To begin with the obvious: God is present in the Declaration. He is mentioned or referred to four times. He is presented as Creator, Legislator, Provident, and Judge. Men are created equal, Nature is lawful, and both are connected with God and his activity—precisely the activities of creating and legislating. These two features occur at the beginning of the document. The other two show up near the end. As scholarship has shown, the last two references were added to Jefferson’s draft by the Continental Congress. They have the effect of “beefing up” the portrait of the divine. Providence is protective and can be relied upon, the Supreme Judge scrutinizes human activity “the world” over and penetrates to the “intentions” of agents.
Gregg Frazer has called this theological package “theistic rationalism.” Theistic rationalism is halfway between the clockwork god of deism and the Christian orthodoxy of the day; its lodestar is Reason, not Scripture, creed, or tradition. It is a rationalistic religious faith tailored to classical liberal politics, one held by a number of founders, including.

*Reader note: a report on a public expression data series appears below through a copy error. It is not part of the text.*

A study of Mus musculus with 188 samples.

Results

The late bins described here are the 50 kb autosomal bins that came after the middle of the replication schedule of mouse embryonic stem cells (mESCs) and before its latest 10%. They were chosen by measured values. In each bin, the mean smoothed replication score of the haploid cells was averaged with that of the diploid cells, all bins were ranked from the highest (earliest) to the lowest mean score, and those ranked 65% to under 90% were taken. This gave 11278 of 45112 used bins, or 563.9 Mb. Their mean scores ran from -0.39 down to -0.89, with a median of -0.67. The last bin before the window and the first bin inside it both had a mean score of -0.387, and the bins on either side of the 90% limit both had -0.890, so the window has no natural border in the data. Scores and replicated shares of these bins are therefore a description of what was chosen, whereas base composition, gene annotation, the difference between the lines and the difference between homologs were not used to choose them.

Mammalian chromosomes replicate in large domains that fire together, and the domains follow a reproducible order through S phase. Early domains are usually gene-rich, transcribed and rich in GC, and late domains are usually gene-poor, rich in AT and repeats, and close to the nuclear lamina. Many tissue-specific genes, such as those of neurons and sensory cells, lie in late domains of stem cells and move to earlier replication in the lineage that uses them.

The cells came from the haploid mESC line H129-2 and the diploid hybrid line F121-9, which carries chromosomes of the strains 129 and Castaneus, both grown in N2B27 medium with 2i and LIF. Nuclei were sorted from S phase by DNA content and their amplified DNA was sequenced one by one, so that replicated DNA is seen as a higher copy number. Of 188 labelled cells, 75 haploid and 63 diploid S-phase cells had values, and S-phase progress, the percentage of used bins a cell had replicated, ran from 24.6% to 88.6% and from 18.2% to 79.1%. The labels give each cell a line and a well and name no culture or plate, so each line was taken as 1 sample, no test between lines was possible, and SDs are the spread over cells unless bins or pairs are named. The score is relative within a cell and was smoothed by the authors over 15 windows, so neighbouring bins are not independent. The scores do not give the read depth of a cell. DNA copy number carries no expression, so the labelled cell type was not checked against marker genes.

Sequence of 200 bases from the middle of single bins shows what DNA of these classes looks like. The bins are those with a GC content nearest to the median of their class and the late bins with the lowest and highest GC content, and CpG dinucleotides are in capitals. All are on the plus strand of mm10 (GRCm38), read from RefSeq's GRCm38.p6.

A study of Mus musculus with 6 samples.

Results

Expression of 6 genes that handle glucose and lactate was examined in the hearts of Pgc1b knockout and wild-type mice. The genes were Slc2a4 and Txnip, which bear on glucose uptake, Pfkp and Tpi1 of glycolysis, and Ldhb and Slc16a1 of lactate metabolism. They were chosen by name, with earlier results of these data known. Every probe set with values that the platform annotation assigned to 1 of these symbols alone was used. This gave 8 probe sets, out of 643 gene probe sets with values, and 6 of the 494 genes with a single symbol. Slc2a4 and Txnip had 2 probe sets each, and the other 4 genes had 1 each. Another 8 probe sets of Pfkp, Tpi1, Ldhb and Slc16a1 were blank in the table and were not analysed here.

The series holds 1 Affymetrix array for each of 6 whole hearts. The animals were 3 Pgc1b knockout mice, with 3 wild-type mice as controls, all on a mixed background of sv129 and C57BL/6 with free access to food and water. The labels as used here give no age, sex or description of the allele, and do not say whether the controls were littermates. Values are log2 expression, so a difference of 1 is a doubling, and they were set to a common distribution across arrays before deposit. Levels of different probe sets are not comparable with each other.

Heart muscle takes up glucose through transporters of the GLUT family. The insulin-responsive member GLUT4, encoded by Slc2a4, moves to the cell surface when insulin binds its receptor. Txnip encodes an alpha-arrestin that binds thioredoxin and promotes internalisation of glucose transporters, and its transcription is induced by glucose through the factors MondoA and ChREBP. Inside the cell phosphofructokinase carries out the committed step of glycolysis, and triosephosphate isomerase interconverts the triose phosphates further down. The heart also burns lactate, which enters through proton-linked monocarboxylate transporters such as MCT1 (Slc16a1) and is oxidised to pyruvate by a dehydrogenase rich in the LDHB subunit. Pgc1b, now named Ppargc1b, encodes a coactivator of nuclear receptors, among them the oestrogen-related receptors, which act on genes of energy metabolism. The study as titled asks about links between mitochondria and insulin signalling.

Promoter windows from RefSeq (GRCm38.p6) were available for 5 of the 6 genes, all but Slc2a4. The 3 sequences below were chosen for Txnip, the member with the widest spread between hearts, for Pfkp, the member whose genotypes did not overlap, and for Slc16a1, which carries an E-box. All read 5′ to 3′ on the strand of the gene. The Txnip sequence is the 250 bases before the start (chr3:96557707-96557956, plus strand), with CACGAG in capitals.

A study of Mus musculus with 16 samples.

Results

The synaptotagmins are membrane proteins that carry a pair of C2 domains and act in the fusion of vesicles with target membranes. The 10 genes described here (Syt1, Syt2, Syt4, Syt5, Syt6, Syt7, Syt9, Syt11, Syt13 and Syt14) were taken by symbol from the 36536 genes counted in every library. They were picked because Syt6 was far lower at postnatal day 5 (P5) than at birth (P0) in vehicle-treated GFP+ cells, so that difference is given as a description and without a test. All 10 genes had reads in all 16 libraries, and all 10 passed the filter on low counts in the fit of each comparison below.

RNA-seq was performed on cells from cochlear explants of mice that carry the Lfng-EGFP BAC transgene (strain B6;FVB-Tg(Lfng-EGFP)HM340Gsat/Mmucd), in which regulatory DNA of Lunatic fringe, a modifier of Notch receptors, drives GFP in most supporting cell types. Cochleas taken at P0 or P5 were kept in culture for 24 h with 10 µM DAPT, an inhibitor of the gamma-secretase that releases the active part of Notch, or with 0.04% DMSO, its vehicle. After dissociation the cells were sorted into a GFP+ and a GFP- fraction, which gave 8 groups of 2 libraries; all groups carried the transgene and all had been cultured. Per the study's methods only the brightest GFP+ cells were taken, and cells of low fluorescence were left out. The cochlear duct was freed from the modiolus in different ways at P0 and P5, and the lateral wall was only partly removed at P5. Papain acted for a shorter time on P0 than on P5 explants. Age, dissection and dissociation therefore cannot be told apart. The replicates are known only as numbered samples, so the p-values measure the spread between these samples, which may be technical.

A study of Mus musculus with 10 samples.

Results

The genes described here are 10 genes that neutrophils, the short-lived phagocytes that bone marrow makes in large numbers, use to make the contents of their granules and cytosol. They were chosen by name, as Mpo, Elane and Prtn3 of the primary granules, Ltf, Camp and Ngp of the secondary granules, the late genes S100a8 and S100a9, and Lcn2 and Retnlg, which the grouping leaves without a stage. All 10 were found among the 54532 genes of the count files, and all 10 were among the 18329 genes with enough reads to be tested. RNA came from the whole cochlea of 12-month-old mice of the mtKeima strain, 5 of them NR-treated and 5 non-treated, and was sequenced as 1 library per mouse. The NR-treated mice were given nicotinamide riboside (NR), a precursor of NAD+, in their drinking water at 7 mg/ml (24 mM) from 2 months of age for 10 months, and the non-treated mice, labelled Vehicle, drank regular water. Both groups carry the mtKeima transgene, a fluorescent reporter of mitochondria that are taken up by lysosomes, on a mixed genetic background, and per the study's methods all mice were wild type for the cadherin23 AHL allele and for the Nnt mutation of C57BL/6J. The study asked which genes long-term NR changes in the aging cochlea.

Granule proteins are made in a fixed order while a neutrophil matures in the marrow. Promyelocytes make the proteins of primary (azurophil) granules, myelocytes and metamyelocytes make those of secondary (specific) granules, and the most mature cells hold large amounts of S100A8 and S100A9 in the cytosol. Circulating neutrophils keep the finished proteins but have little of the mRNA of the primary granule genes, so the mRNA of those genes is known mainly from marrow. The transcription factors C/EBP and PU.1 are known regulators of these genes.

There is a good deal in the document to support this characterization. The Declaration’s deity is very much a political animal. His concern, his norms, bear upon men in political community, not in ecclesial communion. Nor is it just any sort of political community he favors, but one that explicitly acknowledges the Creator’s equal endowment of inalienable rights and is properly established to protect them.
A political animal, the Declaration’s God also favors human liberty. He has created his human creature free and independent, for political and civil freedom. This helps account for the paradox that the signers of the Declaration expressly rely on Providence and the Declaration is a call to strenuous human action, revolutionary action in fact. The reconciliation is found in the fact that revolution is for freedom and independence, the known will of the Creator. God-given and God-willed, freedom must be humanly exercised, defended, and established. In this sense, this is an early form of liberation theology, a sober form, to be sure.